Friday, November 1, 2013

Travelers Rejoice!

No longer will air travelers have to endure the agonizing first and last 15-20 minutes of a flight when all electronic devices have to be turned off and put away. On Thursday, October 31, 2013, the Federal Aviation Administration made a long-anticipated announcement that fliers will soon be able to use their portable electronic devices (PEDs) from gate to gate. 

After months of study with a group of aviation experts, the FAA has concluded that most commercial aircraft can tolerate radio interference signals from passengers' electronic devices, leaving the planes' essential systems, especially communications and navigation, fully functional. Currently, passengers are required to turn off all electronic devices anytime the plane is under 10,000 feet.

How soon will you be able to enjoy the relaxed rules? It depends on the airline as carriers must now file plans with the FAA to allow the use of electronic devices throughout the flight and prove that their vessels are PED-tolerant. The FAA anticipates many carriers will receive approval by the end of the year. Both Delta and JetBlue submitted plans to implement the relaxed restrictions immediately following the Thursday-morning announcement.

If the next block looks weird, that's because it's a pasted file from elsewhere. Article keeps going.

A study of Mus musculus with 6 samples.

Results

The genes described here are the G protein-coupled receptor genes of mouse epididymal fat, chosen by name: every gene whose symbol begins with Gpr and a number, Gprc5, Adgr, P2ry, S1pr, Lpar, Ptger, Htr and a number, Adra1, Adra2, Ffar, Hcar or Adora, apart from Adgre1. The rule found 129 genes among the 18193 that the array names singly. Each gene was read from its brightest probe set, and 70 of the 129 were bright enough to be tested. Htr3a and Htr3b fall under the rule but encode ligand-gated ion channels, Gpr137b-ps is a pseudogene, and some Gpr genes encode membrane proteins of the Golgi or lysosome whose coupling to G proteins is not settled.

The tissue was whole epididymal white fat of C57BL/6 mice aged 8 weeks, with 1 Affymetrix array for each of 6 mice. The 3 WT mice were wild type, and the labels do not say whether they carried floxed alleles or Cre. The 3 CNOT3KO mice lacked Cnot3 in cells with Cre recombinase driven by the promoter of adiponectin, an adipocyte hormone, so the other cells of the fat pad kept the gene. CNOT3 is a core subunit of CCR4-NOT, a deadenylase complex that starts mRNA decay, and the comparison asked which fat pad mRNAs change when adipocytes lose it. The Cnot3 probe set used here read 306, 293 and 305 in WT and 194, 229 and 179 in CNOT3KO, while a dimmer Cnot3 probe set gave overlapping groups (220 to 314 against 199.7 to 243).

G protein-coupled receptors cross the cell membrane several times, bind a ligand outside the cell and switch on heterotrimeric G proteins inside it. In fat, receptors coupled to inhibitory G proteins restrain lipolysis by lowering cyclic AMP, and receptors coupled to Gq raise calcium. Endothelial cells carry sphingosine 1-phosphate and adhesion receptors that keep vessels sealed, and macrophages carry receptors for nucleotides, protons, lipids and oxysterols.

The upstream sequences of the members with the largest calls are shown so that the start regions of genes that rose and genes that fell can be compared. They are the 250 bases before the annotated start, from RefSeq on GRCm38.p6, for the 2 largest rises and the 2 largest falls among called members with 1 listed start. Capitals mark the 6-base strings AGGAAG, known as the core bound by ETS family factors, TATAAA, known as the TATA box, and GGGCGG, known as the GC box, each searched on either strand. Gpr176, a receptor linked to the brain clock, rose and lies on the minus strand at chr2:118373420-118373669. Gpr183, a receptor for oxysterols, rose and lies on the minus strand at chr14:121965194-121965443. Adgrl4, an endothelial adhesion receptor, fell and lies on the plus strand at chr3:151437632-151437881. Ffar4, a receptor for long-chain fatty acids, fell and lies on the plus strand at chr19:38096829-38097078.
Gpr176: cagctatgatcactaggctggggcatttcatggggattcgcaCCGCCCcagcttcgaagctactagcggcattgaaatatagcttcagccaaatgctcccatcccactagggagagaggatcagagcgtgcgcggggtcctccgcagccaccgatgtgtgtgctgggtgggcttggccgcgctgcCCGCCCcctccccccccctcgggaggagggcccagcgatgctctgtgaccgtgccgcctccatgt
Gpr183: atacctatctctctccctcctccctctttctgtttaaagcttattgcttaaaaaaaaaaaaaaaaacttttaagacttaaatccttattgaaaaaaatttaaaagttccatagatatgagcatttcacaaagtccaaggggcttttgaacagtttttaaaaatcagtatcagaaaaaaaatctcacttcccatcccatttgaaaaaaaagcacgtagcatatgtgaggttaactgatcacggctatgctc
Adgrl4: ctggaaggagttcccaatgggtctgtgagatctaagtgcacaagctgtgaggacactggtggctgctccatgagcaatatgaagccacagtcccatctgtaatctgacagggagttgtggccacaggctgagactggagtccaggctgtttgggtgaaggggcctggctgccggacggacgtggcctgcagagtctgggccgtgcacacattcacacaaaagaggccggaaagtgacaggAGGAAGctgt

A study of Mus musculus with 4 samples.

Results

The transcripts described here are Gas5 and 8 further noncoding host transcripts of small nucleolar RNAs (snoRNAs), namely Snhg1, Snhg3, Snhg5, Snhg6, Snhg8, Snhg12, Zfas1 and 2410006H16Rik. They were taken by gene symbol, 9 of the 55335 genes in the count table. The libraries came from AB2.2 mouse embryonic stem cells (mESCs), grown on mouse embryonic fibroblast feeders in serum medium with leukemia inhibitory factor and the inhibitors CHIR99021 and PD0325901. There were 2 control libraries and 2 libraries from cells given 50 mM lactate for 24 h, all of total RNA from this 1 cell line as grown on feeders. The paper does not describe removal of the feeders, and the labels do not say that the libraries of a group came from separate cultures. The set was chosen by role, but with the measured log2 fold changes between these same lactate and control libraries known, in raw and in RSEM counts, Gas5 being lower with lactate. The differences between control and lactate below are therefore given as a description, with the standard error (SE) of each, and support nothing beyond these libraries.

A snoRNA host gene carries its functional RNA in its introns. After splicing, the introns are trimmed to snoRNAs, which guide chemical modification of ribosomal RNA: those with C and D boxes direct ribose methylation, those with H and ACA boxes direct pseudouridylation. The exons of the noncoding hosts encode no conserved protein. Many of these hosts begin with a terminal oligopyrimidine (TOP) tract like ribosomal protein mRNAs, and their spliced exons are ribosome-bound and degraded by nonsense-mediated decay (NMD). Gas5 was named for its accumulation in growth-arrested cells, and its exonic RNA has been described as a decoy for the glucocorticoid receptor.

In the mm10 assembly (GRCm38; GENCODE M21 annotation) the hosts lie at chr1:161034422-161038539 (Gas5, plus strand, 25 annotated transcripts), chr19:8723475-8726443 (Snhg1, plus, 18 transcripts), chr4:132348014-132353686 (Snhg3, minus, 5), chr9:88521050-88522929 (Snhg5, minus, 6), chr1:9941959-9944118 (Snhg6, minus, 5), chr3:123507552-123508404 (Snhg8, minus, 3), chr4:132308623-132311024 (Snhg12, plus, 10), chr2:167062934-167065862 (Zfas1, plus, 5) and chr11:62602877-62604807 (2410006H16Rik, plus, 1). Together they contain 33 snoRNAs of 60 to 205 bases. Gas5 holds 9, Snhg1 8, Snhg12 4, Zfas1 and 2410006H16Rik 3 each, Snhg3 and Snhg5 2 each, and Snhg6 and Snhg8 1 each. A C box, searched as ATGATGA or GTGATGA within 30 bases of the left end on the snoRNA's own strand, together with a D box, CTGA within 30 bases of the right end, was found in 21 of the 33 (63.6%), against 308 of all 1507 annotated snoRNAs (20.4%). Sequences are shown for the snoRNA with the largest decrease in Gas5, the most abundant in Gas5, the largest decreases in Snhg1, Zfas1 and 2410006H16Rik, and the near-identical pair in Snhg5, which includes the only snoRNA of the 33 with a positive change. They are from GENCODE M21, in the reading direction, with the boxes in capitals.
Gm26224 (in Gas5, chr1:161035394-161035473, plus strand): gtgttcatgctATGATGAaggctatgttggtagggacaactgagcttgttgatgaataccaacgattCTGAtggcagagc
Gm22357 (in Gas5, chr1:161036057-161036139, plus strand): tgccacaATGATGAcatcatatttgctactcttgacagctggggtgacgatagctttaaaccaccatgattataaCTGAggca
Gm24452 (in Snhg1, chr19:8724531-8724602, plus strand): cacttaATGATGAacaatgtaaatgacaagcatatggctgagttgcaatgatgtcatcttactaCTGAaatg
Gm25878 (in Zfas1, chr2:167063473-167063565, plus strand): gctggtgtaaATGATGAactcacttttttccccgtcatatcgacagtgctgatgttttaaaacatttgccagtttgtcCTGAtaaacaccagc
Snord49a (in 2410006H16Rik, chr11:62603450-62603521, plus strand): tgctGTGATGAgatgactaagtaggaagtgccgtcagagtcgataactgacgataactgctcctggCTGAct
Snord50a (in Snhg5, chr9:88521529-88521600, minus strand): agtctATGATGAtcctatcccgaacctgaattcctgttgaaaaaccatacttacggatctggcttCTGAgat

Some restrictions apply:
-Devices still have to be in airplane mode, suspending all devices transmitting functions and disabling cellular network, wireless internet network and data network connections.
-In instances of extremely poor weather and low-visibility, you may still have to turn off your devices.

While travelers and the electronics industry and rejoicing, some concerns remain. The Association of Flight Attendants is asking for streamlined testing to ensure airplanes can safely tolerate the interference as well as development of crew training and passenger messaging to ensure travelers pay attention to safety messages. Attendants will now have to ensure passengers are actually switching to airplane mode as directed, presenting another logistical concern. The Air Line Pilots Association is concerned that replaying on passengers to adhere to with the airplane mode requirement and comply with requests to turn off PEDs during poor weather are not practical solutions.

According to a 2013 study by the Consumer Electronics Association and the Airline Passenger Experience Association, almost one-third of passengers admitted to leaving at least one PED on during a recent flight.